Set a timer. Think back to the last time you listened to an absolutely fantastic, engaging and insightful panel. What was the topic of the conversation? What did you learn? How did you implement what you learned?

This exercise might take a minute.

Now I want you to think back to the last three to five conferences you attended, possibly online, and list how many of the panel discussions you listened to made you grab your phone and start scrolling, doodle on your notebook and do whatever else it took to keep you from sliding off your chair as your eyes roll back in your head and a long groan escapes you on the way down. …



“Storytelling plays a noble and historic role in society. Stories can give us a narrative to guide and instruct us. They are crucial in our knowing who we are; they provide a sense of identity. Some stories, however, become the limitation to creating anything new… We need to distinguish between the stories that give meaning to our lives and help us find our voice, and those that limit our responsibility.” (Block, 2018, p. 35)

Until I picked up “Community. The structure for belonging” by Peter Block, storytelling was merely my way of contributing: something I was good at and really enjoyed doing. It is my way of processing, so on the page it goes. With the insights from Peter Block, I gained a whole new appreciation for storytelling not just as a way of communicating, but as the foundation for building identity in an emerging movement of what we have come to call entrepreneurial ecosystem building. …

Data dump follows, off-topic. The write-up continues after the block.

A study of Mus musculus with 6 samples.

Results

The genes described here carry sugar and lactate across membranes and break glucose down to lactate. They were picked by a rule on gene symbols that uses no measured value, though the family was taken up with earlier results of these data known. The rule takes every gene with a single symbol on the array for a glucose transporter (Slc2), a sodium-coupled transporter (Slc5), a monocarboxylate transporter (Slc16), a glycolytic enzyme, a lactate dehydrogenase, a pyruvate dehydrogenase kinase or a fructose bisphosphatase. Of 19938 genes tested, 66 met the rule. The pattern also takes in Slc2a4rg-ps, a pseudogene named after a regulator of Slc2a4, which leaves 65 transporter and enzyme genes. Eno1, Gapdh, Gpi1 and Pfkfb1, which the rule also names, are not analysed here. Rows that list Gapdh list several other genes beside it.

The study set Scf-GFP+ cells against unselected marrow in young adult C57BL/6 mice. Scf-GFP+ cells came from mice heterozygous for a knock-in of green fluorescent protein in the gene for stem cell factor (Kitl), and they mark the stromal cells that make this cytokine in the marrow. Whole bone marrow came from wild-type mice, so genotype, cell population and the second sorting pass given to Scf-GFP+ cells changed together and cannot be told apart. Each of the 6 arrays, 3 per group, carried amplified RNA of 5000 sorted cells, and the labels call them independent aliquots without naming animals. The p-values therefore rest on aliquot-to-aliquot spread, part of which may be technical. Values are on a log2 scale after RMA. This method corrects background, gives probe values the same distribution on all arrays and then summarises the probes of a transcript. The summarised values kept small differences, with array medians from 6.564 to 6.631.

Our language of ecosystem building does not sit well with some of the antiquated speak of competition, corporate attraction and business retention. I am well aware. And I don’t care. With all due respect. Old schoolers have held the rusty chains of economic development long enough. …


Ecosystem builder for social change. Founder at www.socialventurers.com Meet me over at www.anikahorn.com for all things social enterprise!